SEO is a constantly evolving science. That makes it hard to know which tactics are helpful, and which could actually be hurtful. It’s important to be up-to-speed on the latest algorithms and practices or you risk harming your firm’s online visibility. Here are 12 outdated SEO practices that we now know to stay away from.
1.Using Keywords Improperly
Keywords play a vital role in SEO, but how to use them isn’t always clear. Too many content creators write content around their keyword research, instead of including keywords organically in relevant content. Furthermore, keyword density no longer matters to Google, but many people still write to achieve a certain keyword density. Finally, there are still people out there keyword stuffing, which is something that’s actually penalized by search engines. Keyword research will always be important, but it’s essential to know how to use the keywords correctly once you have them.
2. Writing for Bots and Not Humans
Writing unnaturally doesn’t help your content, and search engines also know how to spot that type of writing. Today’s search engines are advanced enough to spot repeated keywords, their variations, and the unfortunate experience of generally bad content. Great content creators write for humans and their search intent, and search engines will now favor those websites.
3. Article Marketing
Google’s Panda update in 2011 targeted content farms and directories, article syndication, and other forms of low quality content. Today’s content needs to be high-quality, relevant, and original. Focus on demonstrating expertise, authority, and credibility.
4. Article Spinning
This is what’s known as a black hat tactic and involves recreating quality content using different words, phrases, and organization. It usually results in a garbled mess that somewhat resembles the same points as the source article. It’s easy to see why this is ineffective. Even though it’s worth noting that AI plays a role in today’s content generation (and is getting better all the time), anything produced by a machine is less likely to be original, relevant, and compelling for a human audience.
5. Buying Links
One of the biggest principles in SEO is that if it seems shady, it probably is. At one time, it was routine practice to buy links, but in today’s environment, authority and link quality matter a lot. Rather than buying links, which can reduce your site’s quality, you should focus on a robust link building strategy. Backlink profiles need to be optimized and maintained just like other parts of a website strategy.
6. Using Too Much Anchor Text
Internal linking is a key characteristic of any good site structure and user experience. Most people use anchor text that tells users what type of content they can expect if they click on a link. There are various types and some have become more favorable with search engines than others. Now that Google is better at spotting over-optimized content, it doesn’t look as highly on over-using anchor text. Remember that, as with most SEO tactics, it’s better to optimize for your human readers rather than search engines.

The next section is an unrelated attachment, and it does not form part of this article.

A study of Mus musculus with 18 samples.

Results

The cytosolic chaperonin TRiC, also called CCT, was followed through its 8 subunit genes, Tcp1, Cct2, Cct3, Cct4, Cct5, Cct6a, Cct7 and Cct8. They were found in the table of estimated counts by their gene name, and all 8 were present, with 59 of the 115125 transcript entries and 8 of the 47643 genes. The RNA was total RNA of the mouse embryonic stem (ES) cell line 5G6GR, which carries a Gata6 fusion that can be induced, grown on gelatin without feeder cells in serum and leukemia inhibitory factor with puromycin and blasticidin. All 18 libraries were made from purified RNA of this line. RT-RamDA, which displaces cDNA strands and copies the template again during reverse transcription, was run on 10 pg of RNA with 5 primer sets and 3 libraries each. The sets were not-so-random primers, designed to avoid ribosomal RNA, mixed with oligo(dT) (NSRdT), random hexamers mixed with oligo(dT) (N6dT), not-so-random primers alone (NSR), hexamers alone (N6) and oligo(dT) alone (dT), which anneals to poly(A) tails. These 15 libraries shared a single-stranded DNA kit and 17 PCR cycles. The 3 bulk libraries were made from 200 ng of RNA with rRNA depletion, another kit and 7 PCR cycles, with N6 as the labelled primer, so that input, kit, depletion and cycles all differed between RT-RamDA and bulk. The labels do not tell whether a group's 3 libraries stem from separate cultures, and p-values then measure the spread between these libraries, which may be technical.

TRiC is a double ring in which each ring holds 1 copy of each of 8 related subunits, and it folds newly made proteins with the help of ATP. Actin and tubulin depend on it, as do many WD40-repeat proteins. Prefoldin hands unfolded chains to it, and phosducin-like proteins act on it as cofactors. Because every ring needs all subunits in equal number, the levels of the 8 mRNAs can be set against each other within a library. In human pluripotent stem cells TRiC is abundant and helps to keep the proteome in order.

7. Using Outdated Keyword Tactics
Remember when we started seeing “keyword (not provided)” in the data during keyword research? Those changes made it difficult to get keyword research that’s as valuable. Relying on Google’s Keyword Planner is still effective, but will only take you so far. “Competition” refers solely to paid competition and traffic, which makes it less helpful for creating your organic strategy. For your best keyword research, you should look at tools like Moz Keyword Explorer or Semrush’s Keyword Magic Tool.
8. Focusing Too Much on Keyword Variations
In the old days, it was a useful tactic to create multiple pages focused on variations of the same keyword. Now, search engines have figured out that all of this content is really pertinent to one topic. Creating additional pages just to make keywords more visible makes for a poor user experience and can even cause your website to cannibalize itself. Stick to creating valuable, high quality content around your main keywords.
9. Targeting Search Queries That Are an Exact Match
It’s common for people to use precisely matched search queries in hopes to rank for those queries solely for the traffic numbers. If the content is an exact match for some searches, but doesn’t actually answer a question or pertain to the query, then it’s unlikely to help you with SEO efforts.
10. Obtaining Exact-match Domains
To a certain extent, having a high-value keyword in your URL makes sense. However, it needs to make sense and not take away from the user experience. If the url becomes misleading or confusing, then that’s a problem. Make sure your url is short, meaningful, and aligned with your brand first and foremost.
11. Basing Your Link Strategy on Third-party Domain Authority Scores
If you have a list of websites based on domain authority alone, it may not provide the results you want. Do further research to ensure websites are relevant to your content, receive organic search traffic, and have quality incoming links. Domain authority scores can help you to filter out some sites, but you can’t rely on reporting from third-party tools alone.
12. Creating Low Quality Content
There used to be a time when content quantity mattered more than quality. However, those days are over. Content you publish needs to be original, credible, and valuable. Seek to provide the best answers for your searchers.
Many of these outdated tactics can seem like low-hanging fruit – but they’ll cost you in the long run. It’s essential that any content you produce is created for real visitors with search intent in mind. Focus on providing the best, most robust information for your audience and SEO success will follow. Start with our free SEO audit to see where you stand and get tips for improvement.